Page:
The United Airlines debacle isn’t about customer service. It’s about the morality of capitalism.
Here is why United Airlines kicking off and countenancing the assault of a paying customer is a big deal: It helps to reveal how corporate America often puts rules before people and how capitalism often places profits before human dignity. (I am speaking not only as a Jesuit priest but as a graduate of the Wharton School of Business, someone who considers himself a capitalist and a veteran of several years in corporate America.)
Overbooking is a device that most airlines use to maximize their profits. Unfilled seats mean lost revenue. This means that some people will inevitably be bumped from flights. But in the airline’s economic calculus, this is deemed an acceptable trade-off. A customer’s inconvenience is subordinate to profits.
You can already see the inherent problem.
The man had purchased a ticket from United, so, as a consumer, he was justified in expecting that he would be able to use it. That is the essence of capitalism: a fair exchange of money for goods or services. But the airline decided they had “overbooked” when some airline employees needed last-minute seats on the flight, so they asked passengers (who had already paid) if they would be willing to relinquish their seats. They offered increasing levels of money to make it more palatable. Several took the offer.
No matter what the fine print said, the man had a right to expect to fly that day.
Not surprisingly, one person did not want to leave. Why should he? He paid for his seat and was anxious to reach his destination. The airline had also entered into a contract with him. And the argument that the airline had the right to eject him is, to me, fallacious. It was not any sort of emergency. No matter what the fine print said, the man had a right to expect to fly that day.
Likewise, the argument that overbooking reduces the price of tickets, and therefore actually helps the consumer, is also something a dodge, because the goal of the corporation is not to reduce the price of tickets but to maximize profits for shareholders. One reduces ticket prices to increase volume, which raises revenue. Airlines are not charities.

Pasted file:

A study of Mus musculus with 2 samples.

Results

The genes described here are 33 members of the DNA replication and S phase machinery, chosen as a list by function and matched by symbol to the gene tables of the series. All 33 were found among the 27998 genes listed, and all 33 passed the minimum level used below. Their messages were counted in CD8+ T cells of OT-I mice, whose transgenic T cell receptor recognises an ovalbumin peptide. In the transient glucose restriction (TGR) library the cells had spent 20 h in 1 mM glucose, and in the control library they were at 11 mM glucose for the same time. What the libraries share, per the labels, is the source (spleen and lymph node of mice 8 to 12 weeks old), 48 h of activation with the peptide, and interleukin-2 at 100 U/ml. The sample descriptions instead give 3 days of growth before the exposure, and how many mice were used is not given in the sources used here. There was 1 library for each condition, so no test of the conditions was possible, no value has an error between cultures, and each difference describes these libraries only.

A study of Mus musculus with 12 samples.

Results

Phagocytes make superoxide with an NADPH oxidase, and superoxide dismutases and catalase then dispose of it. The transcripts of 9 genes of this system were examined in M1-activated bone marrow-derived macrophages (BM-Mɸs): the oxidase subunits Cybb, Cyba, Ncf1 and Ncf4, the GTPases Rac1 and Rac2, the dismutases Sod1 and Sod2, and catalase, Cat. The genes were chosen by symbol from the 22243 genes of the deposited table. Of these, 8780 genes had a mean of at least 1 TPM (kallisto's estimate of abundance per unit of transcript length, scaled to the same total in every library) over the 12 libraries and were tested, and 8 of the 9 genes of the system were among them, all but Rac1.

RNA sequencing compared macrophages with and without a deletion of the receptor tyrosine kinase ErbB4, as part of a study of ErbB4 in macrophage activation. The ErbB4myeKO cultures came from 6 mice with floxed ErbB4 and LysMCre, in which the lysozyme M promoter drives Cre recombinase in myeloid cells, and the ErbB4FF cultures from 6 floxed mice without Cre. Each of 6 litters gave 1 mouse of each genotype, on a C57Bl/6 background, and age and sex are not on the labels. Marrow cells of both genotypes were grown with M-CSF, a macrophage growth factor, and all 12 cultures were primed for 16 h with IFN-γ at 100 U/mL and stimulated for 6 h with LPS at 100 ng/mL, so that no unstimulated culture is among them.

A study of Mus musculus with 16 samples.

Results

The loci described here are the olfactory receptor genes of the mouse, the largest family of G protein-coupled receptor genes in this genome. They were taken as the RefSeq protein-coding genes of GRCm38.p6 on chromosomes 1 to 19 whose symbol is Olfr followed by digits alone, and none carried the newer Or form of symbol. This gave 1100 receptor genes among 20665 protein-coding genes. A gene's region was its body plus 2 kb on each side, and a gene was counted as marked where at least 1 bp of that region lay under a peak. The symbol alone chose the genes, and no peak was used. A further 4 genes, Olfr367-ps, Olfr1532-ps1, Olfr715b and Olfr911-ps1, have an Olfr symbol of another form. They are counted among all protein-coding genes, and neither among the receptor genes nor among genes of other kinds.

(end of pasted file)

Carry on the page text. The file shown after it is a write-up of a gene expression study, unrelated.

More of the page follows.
When the man was unwilling to give up what he had paid for, he was forcibly removed from his seat by security officers, who ended up bloodying him and dragging him along the floor of the plane.
When we watch the video of the event something in us says, “That’s not right.” Pay attention to that feeling. It is our conscience speaking. That is what prompted the widespread outrage online—not simply the fact that people who have been bumped from flights share in the man’s frustration but the immorality of a system that leads to a degradation of human dignity. If corporate rules and the laws of capitalism lead to this, then they are unjust rules and laws. The ends show that the means are not justified.
A toxic cocktail of capitalism and corporate culture led to a man being dragged along the floor.
Someone in authority—pilots, stewards, ground crew—might have realized that this was an assault on a person’s dignity. But no one stopped it. Why not? Not because they are bad people: They too probably looked on in horror. But because they have been conditioned to follow the rules.
Those rules said: First, we may sometimes overbook because we want to maximize our profits. Second, we can eject someone because we have overbooked, or if we decide that we want those seats back, no matter what a person can reasonably expect, and no matter how much of an inconvenience this is. And third, and most tragically, human dignity will not get in the way of the rules. A toxic cocktail of capitalism and corporate culture led to a man being dragged along the floor.
That is why bland “nothing to see here” defenses of the ills of corporate America and of the dictates of capitalism bother this capitalist and former corporate employee so much. They fail to see the victims of the system.Is this a “first-world problem”? Yes, of course. Most people in the developing world could not afford a ticket on that flight. But it is very much a “world problem” because the victims of a system that places profits before all else are everywhere. The same economic calculus that says profits are the most important metric in decision-making leads to victims being dragged along the floor of an airplane and eking out an existence on the floor of a hovel in the slums of Nairobi.
The privileging of profits over people leads to unjust wages, poor working conditions, the degradation of the environment and assaults on human dignity.
A day after the incident, Oscar Munoz, United’s chief executive, apologized for the treatment of the passenger, saying that “no one should ever be treated that way.”
He also said, tellingly, that employees “followed established procedures” and that he “emphatically” stood behind them.
What is the solution, then, to a system that gave rise to such treatment? To recognize that profits are not the sole measure of a good decision in the corporate world. To realize that human beings are more important than money, no matter how much a free-market economist might object. To act morally. And to respect human dignity.